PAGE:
Greenwashing rewash



In March, I asked whether TerraChoice's "Seven Sins of Greenwashing," a report on false claims around environmental performance, could be applied to whole buildings. Yesterday, the Ottawa-based marketing firm released its latest version of the report. Among the new findings: Since 2009, the number of products advertised as green has increased 73 percent, and over 95 percent of the total make misleading or inaccurate claims.


Back in the spring, I asked whether the same level of scrutiny could be used to review green buildings, which would be a useful exercise to determine how many projects actually deliver what they promise. However, a more relevant use of the TerraChoice literature would be to study green building products. How much of what we put in our buildings actually does what the manufacturers claim?


The Federal Trade Commission's Guides for the Use of Environmental Marketing Claims, also known as the "Green Guides," should regulate such marketing, but the guidelines haven't been updated since 1998. However, earlier this month, the FTC announced a proposal to overhaul the Green Guides. Now's the time for building product manufacturers to get out in front of new regulations and walk the talk.



Comments (5 Total)

  • Posted by: Anonymous | Time: 8:41 PM Thursday, November 18, 2010

    Conservation and stewardship are essential elements in the architectural profession. Green washing and whacko environmentalism based on emotion NOT observational science has become the "soup du jour". California is LEEDING the way in Hoax and Fear, sad State of affairs this has wrought.


    So Lance, does this mean that PA will take down the images under their P/A Awards banner of all glass buildings in NY that are supposedly "green"? Perhaps you will at least add a disclaimer about the dubious claims for energy savings? I only had to click on one button too find an example, I am sure there are many more include in your magazine and website. Will you scrub those out too? How committed are you and the magazine you represent to truly sustainable design?


    Two quick replies. (1) I completely agree with the second/later comment, and many of my columns have addressed the disconnect between standards of "beauty" and standards of environmental performance. My forthcoming book is about this, actually. (2) On the earlier comment, "good old responsible design" isn't always enough in an era when our products, our environment, and our bodies are increasingly exposed to and filled with chemical toxins that are invisible and didn't exist until recently. We need better standards for improving the health and safety of the stuff we make.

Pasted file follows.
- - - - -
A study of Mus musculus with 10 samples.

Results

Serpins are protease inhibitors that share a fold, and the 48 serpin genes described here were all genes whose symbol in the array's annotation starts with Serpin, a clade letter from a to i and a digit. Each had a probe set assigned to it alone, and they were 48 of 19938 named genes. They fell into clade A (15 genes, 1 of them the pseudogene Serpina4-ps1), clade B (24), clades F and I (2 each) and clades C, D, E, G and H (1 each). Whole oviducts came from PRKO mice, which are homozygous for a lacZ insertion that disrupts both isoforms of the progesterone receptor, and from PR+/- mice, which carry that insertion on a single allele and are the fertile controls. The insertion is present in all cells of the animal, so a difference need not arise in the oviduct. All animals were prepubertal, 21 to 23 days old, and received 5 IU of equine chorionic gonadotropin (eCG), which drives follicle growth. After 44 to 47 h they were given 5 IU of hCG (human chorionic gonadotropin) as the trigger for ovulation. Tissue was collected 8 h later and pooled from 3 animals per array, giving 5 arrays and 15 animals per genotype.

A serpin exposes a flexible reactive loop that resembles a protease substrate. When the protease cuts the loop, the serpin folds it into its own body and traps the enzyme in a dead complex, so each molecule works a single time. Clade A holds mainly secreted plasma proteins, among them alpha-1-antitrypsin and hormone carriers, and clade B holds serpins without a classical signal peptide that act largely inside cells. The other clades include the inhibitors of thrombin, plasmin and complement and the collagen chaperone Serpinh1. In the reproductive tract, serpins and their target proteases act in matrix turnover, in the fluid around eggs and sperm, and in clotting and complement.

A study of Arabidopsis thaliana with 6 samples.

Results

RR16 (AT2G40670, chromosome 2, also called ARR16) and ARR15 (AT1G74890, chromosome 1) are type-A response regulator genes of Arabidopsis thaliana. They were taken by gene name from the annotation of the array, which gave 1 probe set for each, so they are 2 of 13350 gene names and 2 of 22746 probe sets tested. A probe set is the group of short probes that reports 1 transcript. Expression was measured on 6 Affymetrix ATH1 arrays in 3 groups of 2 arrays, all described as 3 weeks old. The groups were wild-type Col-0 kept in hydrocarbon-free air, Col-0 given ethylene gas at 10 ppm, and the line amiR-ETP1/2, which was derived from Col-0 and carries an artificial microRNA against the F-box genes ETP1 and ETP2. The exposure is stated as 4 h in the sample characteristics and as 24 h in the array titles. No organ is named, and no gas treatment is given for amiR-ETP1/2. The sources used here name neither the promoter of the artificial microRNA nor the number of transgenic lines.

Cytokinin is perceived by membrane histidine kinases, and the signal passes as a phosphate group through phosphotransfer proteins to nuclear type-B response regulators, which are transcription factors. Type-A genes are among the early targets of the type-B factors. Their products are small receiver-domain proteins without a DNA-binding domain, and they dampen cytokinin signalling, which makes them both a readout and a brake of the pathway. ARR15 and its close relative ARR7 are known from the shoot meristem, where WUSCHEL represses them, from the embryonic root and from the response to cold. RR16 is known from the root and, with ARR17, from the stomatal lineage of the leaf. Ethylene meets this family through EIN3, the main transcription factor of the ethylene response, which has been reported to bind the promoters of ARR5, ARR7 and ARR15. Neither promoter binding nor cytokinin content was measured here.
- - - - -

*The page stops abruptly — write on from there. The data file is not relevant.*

Perhaps Architect magazine ought to take a look inside before throwing stones at manufacturers. How many of these all-glass, R-2 curtain-walled buildings that you publicize as great examples of sustainable design are really saving energy. It turns out that many were justified using over-optomistic analysis and in the end perform pretty poorly. The list of overly publicized, highly regarded, highly rated, high-design follies that are in fact energy hogs is quite long. Perhaps your magazine could lead the charge agains the idea that simply using bamboo floors and wallpaper made from old tires turns an energy hog into a green building. Maybe you could look just a bit deeper before believing the hype from the big name architect.


    what audacity to challenge the claims of manufacturers! if they make the claim it must be so!! quite honestly, i am getting a bit tired of all this green stuff. what happened to good old responsible design? why do we have to have a glitzy label? i was raised an environmentalist back before that is what it was called. we turned off lights, water, etc because we could not afford otherwise. we did not litter or through trash because it was ugly. we reused stuff because it saved money. we recycled soda bottles and aluminum cans because we got cash for it. years lated i discovered it was green! wahoo. just being responsible is what i say.


Lance Hosey

thumbnail image Contributing editor and author of ARCHITECT’s monthly Eco column, Lance Hosey, AIA, LEED AP, Hon. FIGP, is president and CEO of GreenBlue, a nonprofit and consultancy dedicated to environmental innovation and the creative redesign of industry. A registered architect, he is a former director at William McDonough + Partners. With Kira Gould, he is the co-author of Women in Green: Voices of Sustainable Design (2007). His forthcoming book, The Shape of Green: Aesthetics, Ecology, and Design, studies how form and image can enhance conservation, comfort, and community at every scale of design, from products to cities.